HUDSON–“The turnover is insane, not only in direct support professionals but also in management. Our jobs have always been stepping stones to other careers. Staff turnover and vacancies are a challenge,” Melanie Brodowski, program manager of Coarc told the Columbia County Community Services Board (CSB) at the board’s April 24 meeting.
Coarc, the non-profit organization that provides services for people with disabilities, is not alone in facing staffing shortages. The meeting focused on issues arising from staff inconsistency, state funding cuts and managed care and was one of two county meetings in two days at which the problems came up.
It is said that “for every 10 openings, you have seven bodies,” said Michael Cole, the county’s director of the Community Services.
To get more staff, Coarc has just started hiring high school students as part-time junior direct support professionals to “do the fun stuff,” such as accompanying clients to the movies and shopping, Ms. Brodowski reported. But how many will stay on after completing school is a question. Direct support professionals earn about the same hourly pay as workers in McDonald’s, but they have a lot more responsibility, Ms. Brodowski noted.
Another challenge in finding people to fill the jobs is the attitude of people entering the job market. “When I started, I worked 80 hours a week,” Ms. Brodowski said. “Now rules limit us to 60 hours a week. But they don’t want to work even 60 hours a week. They want to hand pick their hours.”
“In human services, you can’t work from home,” added Amanda Pierro, director of the Apogee Center.
In addition, Ms. Pierro noted that the Hudson City School District gives all students in lower grades regular sessions in its new STEAM (science, technology, engineering, art, and math) lab, but not regular sessions simulating hands-on human services. At that early age, they get the message that the best and ideal careers are in STEAM, she said.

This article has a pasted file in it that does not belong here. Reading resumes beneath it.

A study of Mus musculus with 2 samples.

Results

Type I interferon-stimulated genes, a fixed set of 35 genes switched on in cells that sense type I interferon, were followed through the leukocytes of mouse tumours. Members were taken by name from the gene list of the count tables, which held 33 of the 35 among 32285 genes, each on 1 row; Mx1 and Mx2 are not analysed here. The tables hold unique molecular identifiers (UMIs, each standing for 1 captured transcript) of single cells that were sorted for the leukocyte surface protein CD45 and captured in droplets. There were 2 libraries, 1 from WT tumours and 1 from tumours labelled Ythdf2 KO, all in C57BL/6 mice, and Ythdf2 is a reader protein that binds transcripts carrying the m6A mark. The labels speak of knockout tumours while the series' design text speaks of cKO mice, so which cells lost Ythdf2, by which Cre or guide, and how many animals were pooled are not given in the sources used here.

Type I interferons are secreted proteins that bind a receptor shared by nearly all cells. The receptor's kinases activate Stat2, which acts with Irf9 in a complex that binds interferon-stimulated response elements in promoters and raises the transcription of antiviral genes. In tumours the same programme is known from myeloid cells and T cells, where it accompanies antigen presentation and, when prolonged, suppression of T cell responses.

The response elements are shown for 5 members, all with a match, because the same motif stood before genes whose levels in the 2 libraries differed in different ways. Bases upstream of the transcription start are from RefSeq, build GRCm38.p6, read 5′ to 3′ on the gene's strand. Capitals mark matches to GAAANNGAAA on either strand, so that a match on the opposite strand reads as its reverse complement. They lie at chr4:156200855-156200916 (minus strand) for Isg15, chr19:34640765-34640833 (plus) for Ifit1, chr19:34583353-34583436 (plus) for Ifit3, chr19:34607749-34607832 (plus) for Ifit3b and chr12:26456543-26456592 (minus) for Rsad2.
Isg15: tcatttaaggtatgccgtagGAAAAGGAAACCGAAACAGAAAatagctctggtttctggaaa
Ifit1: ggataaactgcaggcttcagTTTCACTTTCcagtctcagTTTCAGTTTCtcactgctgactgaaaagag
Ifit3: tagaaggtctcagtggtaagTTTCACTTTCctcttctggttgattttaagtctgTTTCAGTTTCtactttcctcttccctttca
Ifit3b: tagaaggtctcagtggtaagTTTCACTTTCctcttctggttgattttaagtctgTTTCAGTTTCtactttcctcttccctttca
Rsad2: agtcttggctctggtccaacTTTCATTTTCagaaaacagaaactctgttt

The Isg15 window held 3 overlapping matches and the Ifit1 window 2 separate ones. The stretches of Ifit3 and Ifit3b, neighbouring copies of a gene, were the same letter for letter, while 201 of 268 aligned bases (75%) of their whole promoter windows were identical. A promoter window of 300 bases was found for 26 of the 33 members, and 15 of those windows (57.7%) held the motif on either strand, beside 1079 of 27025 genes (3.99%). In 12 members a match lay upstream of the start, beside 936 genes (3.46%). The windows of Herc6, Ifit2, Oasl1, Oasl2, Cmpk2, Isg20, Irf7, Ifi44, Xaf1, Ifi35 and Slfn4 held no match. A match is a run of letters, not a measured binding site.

Beth Schuster, executive director of Twin County Recovery Services and chair of the CSB, indicated that some of her employees dress inappropriately for their jobs.
“You need a [wage] rate increase. But what is new is that state aid is shrinking” said Mr. Cole. The state gives the agency a certain amount of money, and although the agency has discretion as to what it pays its employees, total salaries plus other expenditures must stay within the budget.
As for alternate funding, “We’ve tried the for-profit route, and it hasn’t worked,” reported Ms. Brodowski. Coarc runs Tradewinds, a non-profit gift shop on Hudson’s Warren Street, some of whose merchandise is “crafted by” Coarc clients with disabilities, according to Tradewinds’ website. But though it provides “wonderful services,” it is barely breaking even, said Ms. Brodowski. In addition, she said, “We feel funny” doing something for profit “rather than our clients.”
Like other local agencies, Ms. Schuster said that at Twin County Recovery Services, “We’re getting more referrals but less money for treatment.”
Ms. Brodowski also provided an update on Coarc’s conversion to managed care. Consequences include that all clients need new life plans and care managers. The deadline for the new life plans is December 31 of this year, an extension from December 31 of last year. The care managers replace Medicaid service coordinators. Medicaid service coordinators were “within our organization, part of the team,” said Ms. Brodowski. But care managers work for private agencies. Ms. Brodowski reported that initially, some clients did not know who their new care managers were. Some feel that they are less accessible than Medicaid service coordinators were, even when in the same building. And some clients do better if their care coordinator stays the same. In addition, the computer systems have not yet been able to communicate with each other as much as they could with the old system.
Whatever they are called, care coordinators should be there “because somebody asked for help, not to support a managed care company,” Coarc Chief Quality Officer Carolynn Anklam had said the previous day at the meeting of the CSB’s Intellectual and Developmental Disabilities Subcommittee. At that meeting she said the bulk of Coarc’s Care Managers now come from Care Design New York, whose website describes it as “a care coordination organization/health home for individuals with intellectual and developmental disabilities.” Its membership consists of organizations with “affiliate agencies” that service people with such disabilities.
At that meeting a Courtney Ortiz, director of Public Relations for Care Design, asked, “What’s your biggest problem?”
“Lack of continuity in the workforce,” responded Mr. Cole, saying that the problem includes an individual’s care coordinators changing.
The next meeting of the full CSB will take place Wednesday, May 29, at noon, at 325 Columbia Avenue in Hudson. The CSB’s Mental Health/ Substance Abuse subcommittee will meet Wednesday May 8 at noon, and its Intellectual/ Developmental Disability subcommittee will meet Tuesday, May 28, at 4:30 pm, at the same place.